Put on some Sunscreen

The Bay area's never-ending film festival continues in St. Pete.

Be careful what you wish for, readers. Those of us who love movies have been bouncing bleary-eyed from one film festival to the next for weeks now, with no end in sight. This week's event: the Third Annual Sunscreen Film Festival, rolling into St. Petersburg March 19-22 with an emphasis on local and emerging filmmakers, hands-on educational programs and networking. Here are some of the highlights:

The fest starts off strong Wednesday March 19 with what just might be its best film. Smartly written and professionally crafted, Broke Sky is a small movie that resists labels, seamlessly segueing from quirky Coen Brothers comedy to moody mystery to Southern-fried psychodrama as it spins a tale of two county workers in danger of losing their jobs picking up roadkill. Broke Sky screens at 7 p.m. at Muvico Baywalk 20, with an opening-night after-party following at Push Ultra Lounge.

Sunscreen moves over to St. Petersburg's beautiful Renaissance Vinoy Resort for the duration, beginning on Thursday March 20 with back-to-back workshops for actors seeking to hone their audition skills (10 a.m. and noon). Also at 10 a.m. is a screening of one of Sunscreen's handful of international offerings, Beyond the Fence (Sakugoe), a Japanese import about a mild-mannered businessman and a tough, ex-yakuza (gangster) who meet cute, bond and proceed to walk a mile in each other's shoes. I wouldn't go so far as to call Beyond the Fence a bad film, but the movie is far too obvious when it's striving to be quirky or poignant, and the central relationship between its two misfit heroes is ultimately pretty standard stuff.

A much better way to spend Thursday at Sunscreen would be to catch the 2 p.m. matinee of The Grift, starring veteran actor Jon Savage as the wonderfully sleazy patriarch of a family of con-men hucksters and whores. The Grift offers some fairly compelling storytelling, and it's nice to see a film set in the rural south of the 1940s, as opposed to contemporary urban jungles populated exclusively by 24-year-old hipsters.

Following The Grift at 6 p.m. is a program of surrealist films created by Pinellas County high-school students, and an 8 p.m. screening of The Art of Pain, an indie comedy complete with slackers, geeks and angry ninjas. For those who'd rather kick back with some tunes, the festival is also putting on a concert by indie rock band Fort Pastor at the State Theatre.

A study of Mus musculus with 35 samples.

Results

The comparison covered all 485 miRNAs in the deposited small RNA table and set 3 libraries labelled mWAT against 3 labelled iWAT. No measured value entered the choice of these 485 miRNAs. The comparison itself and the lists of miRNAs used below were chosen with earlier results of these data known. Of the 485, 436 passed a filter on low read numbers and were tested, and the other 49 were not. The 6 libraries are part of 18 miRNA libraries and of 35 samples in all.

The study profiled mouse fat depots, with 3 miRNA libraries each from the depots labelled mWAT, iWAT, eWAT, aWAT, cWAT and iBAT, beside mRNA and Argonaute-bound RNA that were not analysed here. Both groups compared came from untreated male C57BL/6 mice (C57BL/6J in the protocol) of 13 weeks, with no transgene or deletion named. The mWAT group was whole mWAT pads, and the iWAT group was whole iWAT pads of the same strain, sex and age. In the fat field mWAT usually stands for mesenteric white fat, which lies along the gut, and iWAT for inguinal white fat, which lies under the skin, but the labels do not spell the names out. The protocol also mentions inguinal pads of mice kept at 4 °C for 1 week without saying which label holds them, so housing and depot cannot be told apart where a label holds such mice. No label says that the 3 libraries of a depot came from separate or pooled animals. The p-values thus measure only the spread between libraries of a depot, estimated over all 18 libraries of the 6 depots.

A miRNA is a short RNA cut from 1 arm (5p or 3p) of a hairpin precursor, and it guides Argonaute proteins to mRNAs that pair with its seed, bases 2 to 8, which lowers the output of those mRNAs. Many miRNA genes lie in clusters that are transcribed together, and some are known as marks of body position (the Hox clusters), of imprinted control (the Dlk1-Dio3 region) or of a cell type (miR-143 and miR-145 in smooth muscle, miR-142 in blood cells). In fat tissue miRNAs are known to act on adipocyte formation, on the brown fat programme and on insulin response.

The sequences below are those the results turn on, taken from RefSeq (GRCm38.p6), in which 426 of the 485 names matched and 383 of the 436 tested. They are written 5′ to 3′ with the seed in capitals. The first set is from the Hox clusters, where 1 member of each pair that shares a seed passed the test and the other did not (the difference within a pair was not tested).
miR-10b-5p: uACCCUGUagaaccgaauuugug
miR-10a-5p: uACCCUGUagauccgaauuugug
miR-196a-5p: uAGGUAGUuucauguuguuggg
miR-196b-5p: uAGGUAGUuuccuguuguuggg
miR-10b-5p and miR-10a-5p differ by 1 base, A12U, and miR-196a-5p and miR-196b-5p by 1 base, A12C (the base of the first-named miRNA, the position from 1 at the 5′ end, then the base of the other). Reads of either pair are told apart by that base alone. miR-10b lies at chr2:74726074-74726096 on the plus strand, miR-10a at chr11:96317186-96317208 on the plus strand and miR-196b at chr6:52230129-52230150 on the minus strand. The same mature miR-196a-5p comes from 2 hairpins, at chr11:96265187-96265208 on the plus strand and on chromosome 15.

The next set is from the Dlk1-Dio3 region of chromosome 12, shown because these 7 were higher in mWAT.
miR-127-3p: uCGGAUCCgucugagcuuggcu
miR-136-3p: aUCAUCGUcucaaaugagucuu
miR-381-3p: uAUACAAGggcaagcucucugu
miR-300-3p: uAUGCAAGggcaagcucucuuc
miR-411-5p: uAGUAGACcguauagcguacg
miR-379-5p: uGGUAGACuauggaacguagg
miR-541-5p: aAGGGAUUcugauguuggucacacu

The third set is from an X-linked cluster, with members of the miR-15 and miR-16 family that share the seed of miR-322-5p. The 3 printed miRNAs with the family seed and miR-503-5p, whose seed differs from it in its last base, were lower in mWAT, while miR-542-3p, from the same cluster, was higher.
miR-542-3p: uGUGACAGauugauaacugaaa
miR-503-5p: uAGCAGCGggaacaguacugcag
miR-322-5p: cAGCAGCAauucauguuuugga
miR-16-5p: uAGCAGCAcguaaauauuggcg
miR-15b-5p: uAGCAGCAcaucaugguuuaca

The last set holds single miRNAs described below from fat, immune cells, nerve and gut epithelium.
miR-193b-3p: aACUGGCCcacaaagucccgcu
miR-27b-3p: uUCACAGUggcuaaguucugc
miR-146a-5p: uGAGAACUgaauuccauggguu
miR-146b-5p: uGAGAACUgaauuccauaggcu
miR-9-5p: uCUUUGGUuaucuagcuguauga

On Friday, Sunscreen presents a selection of short horror and sci-fi films at 2:30 p.m., followed by a screenwriters' panel at 4 p.m. But the big event of the evening is sure to be Raiders of the Lost Ark: The Adaptation, a meticulously faithful, homegrown homage that took three Mississippi fanboys seven years to make and wound up being officially sanctioned by His Holiness Spielberg. Raiders: The Adaptation screens at 9:30 p.m. Friday, repeating at 6:30 on Saturday.

Two other Friday offerings are more concerned with sex and love than lost arks. Screw Cupid (5:30 p.m.) is an amusing but wildly uneven rom-com about two unlucky-in-love types attempting to connect. Friday's other fractured romance is One Night (8 p.m.), a sporadically engaging look at the ups and downs of dating, romance and sex, through the dovetailing stories of nearly a dozen mostly young and attractive characters.

The festival's final day is Saturday, which begins with a 10 a.m. panel on film financing and distribution and then segues into a number of Florida-centric offerings, including a nature-in-peril documentary called Finding Wild Florida (10:15 a.m.), a program of local shorts (12:30 p.m.) and Fema City (4:30 p.m.), a look at the aftermath of 2004's Hurricane Charley. Best of all is Cracker Crazy: Invisible Histories of the Sunshine State (2:30 p.m.), a feature-length discourse that manages to be passionate but just a touch ironic as it tells us everything we ever wanted to know about Florida. Ponce de Leon, Leni Reifenstahl, Walt Disney and Andrew Jackson are only some of the players in this fascinating stew, and the archival footage is worth the price of admission all by itself.

The 3rd Annual Sunscreen Film Festival runs from March 19 to 22 at Muvico Baywalk 20, 515 Second Ave. N., St Petersburg and the Renaissance Vinoy Resort, 501 Seventh Ave. N.E., St Petersburg. For more information, visit sunscreenfilmfestival.com.